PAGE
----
What should you do to research and prepare your organization before calling on an open source vendor or consulting firm for an RFP? The company for which I work as an analyst concentrates on complex software selection issues. We've found that solutions for ERP, CRM, or SCM may fail to accomplish what customers want and often it is because customers did not begin their selection processes with a good understanding of their requirements. Thus the customer did not request and weigh the pertinent information from their chosen range of vendors. The following note discusses some issues to be aware of in selecting an open source solution. I'll finish by suggesting a simple but sophisticated means for obtaining useful and free requirements analysis to ease the selection research burden.
With an open source implementation or migration, it may not simply be a matter of discerning the right software features, there is another dimension to the peculiar and nifty benefits in opting for the open source route. For example, open source solutions may be apt to offer industry-specific versions of a system that partners have branched from the core open source project. Consider that a vanilla open source ERP system might not be applicable toward the health care industry but a partner firm working with the open source ERP project could specialize the system to be exactly what is needed for pharmacy management. How can you find out which partner firms offer the appropriate solution for your organization?
In addition, a frequently raised concern from organizations considering open source solutions is the availability of support. Support is a service and one should take a lot of different factors into account to determine how well that service might be provided. Consider components such as communication methods (how will the chosen firm make itself available?), processing time, self-help availability, local support presence, accountability, application or development support, etc.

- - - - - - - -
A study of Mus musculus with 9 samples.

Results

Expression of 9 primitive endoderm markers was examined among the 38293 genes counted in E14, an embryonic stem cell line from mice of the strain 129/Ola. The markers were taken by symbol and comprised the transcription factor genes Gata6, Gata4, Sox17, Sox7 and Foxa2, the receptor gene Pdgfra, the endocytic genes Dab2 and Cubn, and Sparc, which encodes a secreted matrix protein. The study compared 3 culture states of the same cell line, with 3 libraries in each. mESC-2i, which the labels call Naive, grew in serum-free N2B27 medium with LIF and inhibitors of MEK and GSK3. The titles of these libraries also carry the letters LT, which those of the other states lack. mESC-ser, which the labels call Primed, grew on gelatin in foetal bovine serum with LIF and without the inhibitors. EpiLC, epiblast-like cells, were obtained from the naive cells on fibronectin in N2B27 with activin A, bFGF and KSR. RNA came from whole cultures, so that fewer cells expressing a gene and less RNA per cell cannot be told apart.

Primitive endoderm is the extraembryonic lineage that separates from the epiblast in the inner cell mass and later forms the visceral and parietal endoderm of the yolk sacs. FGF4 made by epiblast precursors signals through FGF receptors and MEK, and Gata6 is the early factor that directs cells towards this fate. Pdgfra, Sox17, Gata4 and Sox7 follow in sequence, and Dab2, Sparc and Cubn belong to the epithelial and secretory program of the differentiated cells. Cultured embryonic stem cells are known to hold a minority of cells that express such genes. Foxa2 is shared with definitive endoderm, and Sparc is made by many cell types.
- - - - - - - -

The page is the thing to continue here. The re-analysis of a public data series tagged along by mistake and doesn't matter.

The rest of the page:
It's clear by now that companies toiling in the open source way of business are not necessarily relying on software sales as their main mode of business. Rather, open source providers consult on the types of services I mentioned above. So every company or government organization that wishes to migrate to or implement an open source solution, should thoroughly understand what it will need to request in terms of sponsored development, support, consulting, and training services from the firm it hires. And that is where things become a bit tricky.
For any given mature open source solution, you will find a number of firms claiming they can implement it or provide support solutions based on it. What is the customer organization to do? Which firm is most appropriate for your needs? Research and prioritize! To secure a successful project, you've got to figure out exactly what your organization requires from the firm it hires. Prioritize your requirements to reflect what is most important, and know exactly how your chosen firms will support those requirements.
As I mentioned at the beginning of this piece, I'm an analyst for a company, Technology Evaluation Centers, that researches complex software selection projects. We developed and have been refining a sophisticated decision support system for the last several years. We use it to great success in analyzing software functionality. Last year we decided to see if we could apply it toward the open source business model, so we adapted our evaluation system to analyse services as well as software functionality.
I invite anyone to try it. Of all the open source firms out there, what are the factors to discern differences in their services, and which factors are most important to your organization. We launched the Free and Open Source Software Evaluation Center as a brand new on-line decision support system featuring research on a few of the more well-known open source project firms (with additional firms rapidly being added). The knowledge base consists of close to 1,000 criteria for analysing open source consulting and service providing firms."